We see patients who have risk factors for prostate cancer and desire detailed counseling, those who may have had a prior normal biopsy with ongoing concerns, and those with a prior diagnosis of “low-risk" prostate cancer who are being followed with an observational strategy, such as active surveillance.
A prostate-specific antigen or PSA test is a blood test that helps to determine risk of prostate cancer as well to actively monitor men who have already been diagnosed with the disease. It is a common component of routine health maintenance for many men along with a digital rectal exam to assess for firmness or irregularity of the prostate. A high PSA does not necessarily reflect prostate cancer, but higher levels are associated with higher risk. An elevated PSA will often provoke additional investigations to clarify whether a prostate biopsy is needed. Similarly, a bump or irregularity on the prostate as detected by digital rectal exam may warrant additional testing. If a primary care physician suspects prostate cancer, he or she may refer a patient to the Genitourinary Oncology Program to discuss options.
More information on the PSA test (National Cancer Institute)
When evaluating prostate cancer risk, we individualize the discussion to a man's particular risk factors. We review laboratory data, physical exam findings, medical history, family history, demographic information, and available imaging findings to determine options and yield of additional testing. Not all elevated PSA values require additional testing or a prostate biopsy! The PSA may be elevated for diverse reasons including prostate enlargement, inflammation, infection, recent procedures, and recent ejaculation, among others. Our approach is to use "shared decision-making" to determine the role of additional testing and possibly biopsy.
PSA screening controversy
There has been considerable discussion regarding the usefulness of PSA testing for early detection of prostate cancer. As prostate cancer is very common in men as they age, and most prostate cancers are slow growing, there is a concern for "over-diagnosis," or detection of cancers that were never destined to cause harm. This concern, however, requires balance against the important interest of detecting more aggressive or dangerous types of prostate cancer. Ultimately there are pros and cons of PSA testing for early detection of prostate cancer, and a nuanced discussion between patient and provider is needed to ensure his individualized risk factors are considered and his preferences are met. Some men should be more scrutinized for their risk (e.g., men of African American descent, those with a father or brother diagnosed with prostate cancer < 65 years old). See the American Urological Association guidelines for early detection of prostate cancer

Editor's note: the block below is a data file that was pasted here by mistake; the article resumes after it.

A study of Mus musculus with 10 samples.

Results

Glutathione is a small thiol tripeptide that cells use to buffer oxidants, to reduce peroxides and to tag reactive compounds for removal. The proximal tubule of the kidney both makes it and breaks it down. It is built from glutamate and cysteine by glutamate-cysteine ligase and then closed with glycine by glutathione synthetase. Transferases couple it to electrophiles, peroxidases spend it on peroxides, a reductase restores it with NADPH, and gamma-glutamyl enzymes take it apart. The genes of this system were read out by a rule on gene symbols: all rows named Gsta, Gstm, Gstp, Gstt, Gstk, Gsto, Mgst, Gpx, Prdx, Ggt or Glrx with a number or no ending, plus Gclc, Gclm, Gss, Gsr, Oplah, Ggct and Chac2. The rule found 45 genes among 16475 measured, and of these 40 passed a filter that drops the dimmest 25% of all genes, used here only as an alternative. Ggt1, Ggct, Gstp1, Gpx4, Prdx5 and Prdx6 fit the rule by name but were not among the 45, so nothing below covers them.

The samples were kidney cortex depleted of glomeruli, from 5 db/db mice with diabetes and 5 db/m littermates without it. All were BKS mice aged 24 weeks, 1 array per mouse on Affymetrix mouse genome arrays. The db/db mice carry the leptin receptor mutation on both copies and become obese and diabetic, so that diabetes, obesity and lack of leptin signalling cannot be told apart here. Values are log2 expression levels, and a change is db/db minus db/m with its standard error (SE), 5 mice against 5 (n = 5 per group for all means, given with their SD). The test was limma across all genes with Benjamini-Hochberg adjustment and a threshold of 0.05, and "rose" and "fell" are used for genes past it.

For patients desiring a prostate biopsy based on concern for prostate cancer, we provide detailed counseling regarding risks and benefits, and can generally offer a biopsy on the same day as initial consultation. Patients receive phone calls within a week regarding the result of biopsy and whether follow-up consultation is needed.
Additional testing that may be offered to patients include novel blood tests or urine tests, genetic tests, or advanced imaging techniques that may clarify whether a cancer is present and guide subsequent biopsy approaches.
If a prostate cancer is detected through biopsy, follow-up consultation will be scheduled to discuss the best treatment approach. We offer multi-disciplinary counseling by urological surgery and radiation oncology to review all treatment approaches. Our team includes experienced providers in surgical and radiation therapy. We have state-of-the-art technology that enables optimal care for patients regardless of their selected treatment.